Store adds 3-D foot-imaging device for better fit

New device makes debut at Fleet Feet's 2 Capital Region locations
Store adds 3-D foot-imaging device for better fit
John Cropley gets his feet scanned for 3-D imaging at the Colonie location of Fleet Feet on Tuesday.
Photographer: John Cropley

Two local sneaker stores are going high-tech with their shoe-fitting process, rolling out a 3-D scanner that performs eight foot measurements in seven seconds.

After a practice and training period, the new device, dubbed fit id, goes live Wednesday in the Malta and Colonie locations of Fleet Feet. 

fleetfeet 6 cropley 31oct2017.JPG
Gazette Business Editor John Cropley's size 11 feet are shown in a 3-D image generated at the Colonie location of Fleet Feet on Tuesday. (Provided)

The company is having its franchisees gradually add the proprietary system at the 170 stores nationwide. With the addition of Charles Woodruff’s two stores in the Capital Region, the chain will be about halfway to its goal.

Woodruff said it’s a big step forward for the fitting process.

“We’ve measured feet for years and years and years,” he said.

The process will continue to rely heavily on the expertise of the salespeople, who ask customers what they want to do in their walking and running shoes and what problems they’ve had with their existing or previous footwear.

A key part of the process will remain the salesperson watching the customer’s stride in the store.

But with fit id, the customer and salesman can see exactly how long and wide each foot is; tell whether the variations between left and right foot are significant; and see where the dimensions fall in relation to the average person, which can help point the customer to a particular sneaker, or sock, or insole, or lacing pattern, or some combination of one or more of these.

“Here’s what we see, here are some possible solutions,” Woodruff explained. “There’s lots of ways to get there.”

The fit id scanner takes a series of photos from every angle except the bottom that generates a 3-D image of the feet and a series of measurements. 

Within 1 millimeter of accuracy, it shows foot size, heel-to-toe length, ball width and girth, instep height and girth, arch height and heel width.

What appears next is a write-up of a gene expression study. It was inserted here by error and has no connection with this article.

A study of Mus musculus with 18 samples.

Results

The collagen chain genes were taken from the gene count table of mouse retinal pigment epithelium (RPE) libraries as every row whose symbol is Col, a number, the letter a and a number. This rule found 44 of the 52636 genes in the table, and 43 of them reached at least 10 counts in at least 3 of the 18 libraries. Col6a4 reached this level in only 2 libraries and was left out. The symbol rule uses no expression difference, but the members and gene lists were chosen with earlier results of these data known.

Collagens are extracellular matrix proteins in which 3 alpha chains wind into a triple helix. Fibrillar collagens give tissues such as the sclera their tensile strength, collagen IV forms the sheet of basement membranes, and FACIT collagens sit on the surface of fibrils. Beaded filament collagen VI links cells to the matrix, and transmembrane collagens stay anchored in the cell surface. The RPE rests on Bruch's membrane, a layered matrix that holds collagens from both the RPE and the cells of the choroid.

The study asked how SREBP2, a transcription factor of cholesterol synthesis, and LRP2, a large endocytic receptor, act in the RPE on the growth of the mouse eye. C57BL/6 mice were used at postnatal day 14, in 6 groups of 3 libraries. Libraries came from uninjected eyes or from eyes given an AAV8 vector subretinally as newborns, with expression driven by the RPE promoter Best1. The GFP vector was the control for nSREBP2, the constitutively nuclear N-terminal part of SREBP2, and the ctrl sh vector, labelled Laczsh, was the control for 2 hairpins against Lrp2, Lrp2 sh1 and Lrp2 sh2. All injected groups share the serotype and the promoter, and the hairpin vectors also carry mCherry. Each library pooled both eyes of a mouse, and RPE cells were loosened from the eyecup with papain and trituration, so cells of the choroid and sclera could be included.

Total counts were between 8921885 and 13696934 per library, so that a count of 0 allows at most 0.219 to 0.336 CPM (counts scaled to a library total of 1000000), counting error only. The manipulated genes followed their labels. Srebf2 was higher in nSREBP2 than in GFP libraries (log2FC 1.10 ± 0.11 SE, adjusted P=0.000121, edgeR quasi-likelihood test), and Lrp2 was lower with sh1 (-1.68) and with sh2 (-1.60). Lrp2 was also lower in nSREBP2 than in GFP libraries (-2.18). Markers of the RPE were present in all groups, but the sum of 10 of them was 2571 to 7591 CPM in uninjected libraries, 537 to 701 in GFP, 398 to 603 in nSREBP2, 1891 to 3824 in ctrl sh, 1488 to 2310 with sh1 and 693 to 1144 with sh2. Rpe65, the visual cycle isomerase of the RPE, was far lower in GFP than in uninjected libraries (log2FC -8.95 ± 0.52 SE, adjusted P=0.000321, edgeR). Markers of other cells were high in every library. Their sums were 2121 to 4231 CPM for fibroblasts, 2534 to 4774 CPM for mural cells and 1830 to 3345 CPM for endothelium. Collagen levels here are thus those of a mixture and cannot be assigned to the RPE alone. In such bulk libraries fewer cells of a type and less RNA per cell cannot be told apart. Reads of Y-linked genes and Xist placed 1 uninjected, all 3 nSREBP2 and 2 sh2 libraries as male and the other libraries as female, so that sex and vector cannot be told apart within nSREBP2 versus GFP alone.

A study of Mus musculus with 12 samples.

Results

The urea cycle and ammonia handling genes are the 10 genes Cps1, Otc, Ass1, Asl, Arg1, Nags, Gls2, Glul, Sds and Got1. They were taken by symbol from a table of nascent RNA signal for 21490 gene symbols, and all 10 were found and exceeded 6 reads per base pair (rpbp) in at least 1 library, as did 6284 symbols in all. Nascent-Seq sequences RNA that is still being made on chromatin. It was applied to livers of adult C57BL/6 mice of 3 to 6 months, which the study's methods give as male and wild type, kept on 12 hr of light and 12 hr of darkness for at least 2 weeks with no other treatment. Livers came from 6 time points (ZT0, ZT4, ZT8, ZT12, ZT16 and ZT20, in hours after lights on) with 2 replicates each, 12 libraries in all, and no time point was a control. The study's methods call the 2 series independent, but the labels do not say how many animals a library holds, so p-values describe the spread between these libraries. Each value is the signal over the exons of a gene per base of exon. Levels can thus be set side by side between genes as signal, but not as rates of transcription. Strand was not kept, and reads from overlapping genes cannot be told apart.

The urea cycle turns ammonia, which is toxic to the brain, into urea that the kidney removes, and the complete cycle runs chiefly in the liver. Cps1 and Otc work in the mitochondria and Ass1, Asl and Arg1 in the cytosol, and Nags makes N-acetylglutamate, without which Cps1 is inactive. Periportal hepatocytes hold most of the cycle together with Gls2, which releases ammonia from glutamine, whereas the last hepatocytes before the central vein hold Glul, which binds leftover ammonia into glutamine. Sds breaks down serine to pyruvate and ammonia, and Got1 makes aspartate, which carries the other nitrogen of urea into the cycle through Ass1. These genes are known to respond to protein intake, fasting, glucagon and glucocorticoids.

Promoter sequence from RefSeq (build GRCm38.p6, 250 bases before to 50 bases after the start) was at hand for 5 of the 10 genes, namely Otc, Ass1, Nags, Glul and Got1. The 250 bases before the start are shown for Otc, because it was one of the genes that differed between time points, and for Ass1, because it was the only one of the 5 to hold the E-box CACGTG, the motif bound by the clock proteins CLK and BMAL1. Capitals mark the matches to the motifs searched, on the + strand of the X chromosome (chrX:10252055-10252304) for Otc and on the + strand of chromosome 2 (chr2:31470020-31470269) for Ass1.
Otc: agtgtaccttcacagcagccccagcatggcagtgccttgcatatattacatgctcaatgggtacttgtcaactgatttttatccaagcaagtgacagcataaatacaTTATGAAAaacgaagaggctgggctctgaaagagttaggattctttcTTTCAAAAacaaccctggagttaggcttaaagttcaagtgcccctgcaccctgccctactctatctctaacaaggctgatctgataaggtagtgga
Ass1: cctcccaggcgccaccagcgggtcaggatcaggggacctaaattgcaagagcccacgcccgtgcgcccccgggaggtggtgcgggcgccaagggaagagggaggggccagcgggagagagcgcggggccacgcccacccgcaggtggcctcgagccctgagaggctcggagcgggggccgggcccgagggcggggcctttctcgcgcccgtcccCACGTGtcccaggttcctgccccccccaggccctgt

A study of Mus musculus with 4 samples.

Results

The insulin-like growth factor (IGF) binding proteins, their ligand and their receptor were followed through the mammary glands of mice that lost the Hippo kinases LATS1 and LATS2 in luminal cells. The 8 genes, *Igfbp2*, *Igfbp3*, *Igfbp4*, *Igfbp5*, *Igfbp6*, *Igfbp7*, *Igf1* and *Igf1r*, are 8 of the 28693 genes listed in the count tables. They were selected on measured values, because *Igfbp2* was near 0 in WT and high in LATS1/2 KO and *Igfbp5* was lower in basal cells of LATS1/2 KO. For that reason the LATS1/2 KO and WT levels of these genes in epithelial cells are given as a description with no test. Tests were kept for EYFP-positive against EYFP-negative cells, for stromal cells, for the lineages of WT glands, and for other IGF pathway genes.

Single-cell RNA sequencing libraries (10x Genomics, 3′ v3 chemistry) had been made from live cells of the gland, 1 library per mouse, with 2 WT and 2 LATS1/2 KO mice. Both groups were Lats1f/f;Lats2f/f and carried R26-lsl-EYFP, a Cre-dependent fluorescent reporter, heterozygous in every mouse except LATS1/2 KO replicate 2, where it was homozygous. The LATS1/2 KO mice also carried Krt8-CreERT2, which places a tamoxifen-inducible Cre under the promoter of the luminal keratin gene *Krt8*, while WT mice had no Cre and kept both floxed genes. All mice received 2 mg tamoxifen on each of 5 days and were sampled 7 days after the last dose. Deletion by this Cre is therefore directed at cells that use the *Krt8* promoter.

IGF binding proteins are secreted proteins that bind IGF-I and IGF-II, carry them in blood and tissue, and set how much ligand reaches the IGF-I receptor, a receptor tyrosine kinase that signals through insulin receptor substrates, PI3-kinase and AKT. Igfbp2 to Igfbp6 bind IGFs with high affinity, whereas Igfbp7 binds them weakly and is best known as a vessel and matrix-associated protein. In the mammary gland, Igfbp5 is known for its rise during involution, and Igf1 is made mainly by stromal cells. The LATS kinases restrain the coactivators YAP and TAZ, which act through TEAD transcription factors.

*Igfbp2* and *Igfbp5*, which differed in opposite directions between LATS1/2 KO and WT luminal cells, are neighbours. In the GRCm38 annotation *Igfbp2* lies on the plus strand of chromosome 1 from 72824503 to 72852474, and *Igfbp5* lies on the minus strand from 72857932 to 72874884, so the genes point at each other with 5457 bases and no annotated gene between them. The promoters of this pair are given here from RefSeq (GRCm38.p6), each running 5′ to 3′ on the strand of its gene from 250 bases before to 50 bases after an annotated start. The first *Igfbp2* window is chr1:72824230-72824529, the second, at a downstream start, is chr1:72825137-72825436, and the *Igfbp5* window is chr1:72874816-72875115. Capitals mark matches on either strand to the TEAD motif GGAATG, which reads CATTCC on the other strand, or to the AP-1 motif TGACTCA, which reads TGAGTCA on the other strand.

fleetfeet 1 cropley 31oct2017.JPG

For a demonstration, general manager Barbara Gillen stepped onto the scanner at the Colonie store Tuesday. As a 30-mile-a-week runner and as a footwear retailer, she’s already very aware of what her own feet are like, but now she has some hard numbers for them. 

A Gazette business writer hops on the scanner next. His bony size 11s are nearly symmetrical, with very little variation between left and right. The heel-to-toe length and the arch height are both much higher than average, but every other measurement is well below average. 

These feet are long and slender, in other words.

This knowledge is useful for steering a customer toward a particular style or width or brand of running shoe, Woodruff said, or fine-tuning that shoe with an insert that provides more or less arch support.

“It’s comfort and support, that’s what we’re shooting for,” he said.

Beyond all the measurements and science, comfort is one of the best signs you have the right shoes, Woodruff said, and discomfort is one of the biggest red flags that you don’t.

“Never put your feet where they don’t want to be.”

Woodruff, a former sports equipment dealer, opened the Colonie store 11 years ago and the Malta store four years ago. They’re among the busier locations in the Fleet Feet franchise network, selling 22,000 to 23,000 pairs of shoes a year.

As individual locations, Woodruff’s two stores will use fit id to keep better records of their customers’ needs, by tracking what they’re doing with footwear and how it’s working for them.

Nationally, after Fleet Feet rolls out fit id to all locations, the aggregated data from millions of customers at 170 stores will be shared with sneaker makers, who are eager for such data so that they can design their products to meet common foot profiles and needs, Woodruff said.

Three years down the road, he added, the system may have advanced to the point that semicustom footwear can be produced for individual customers by one or more of the 12 shoe manufacturers currently represented in his stores.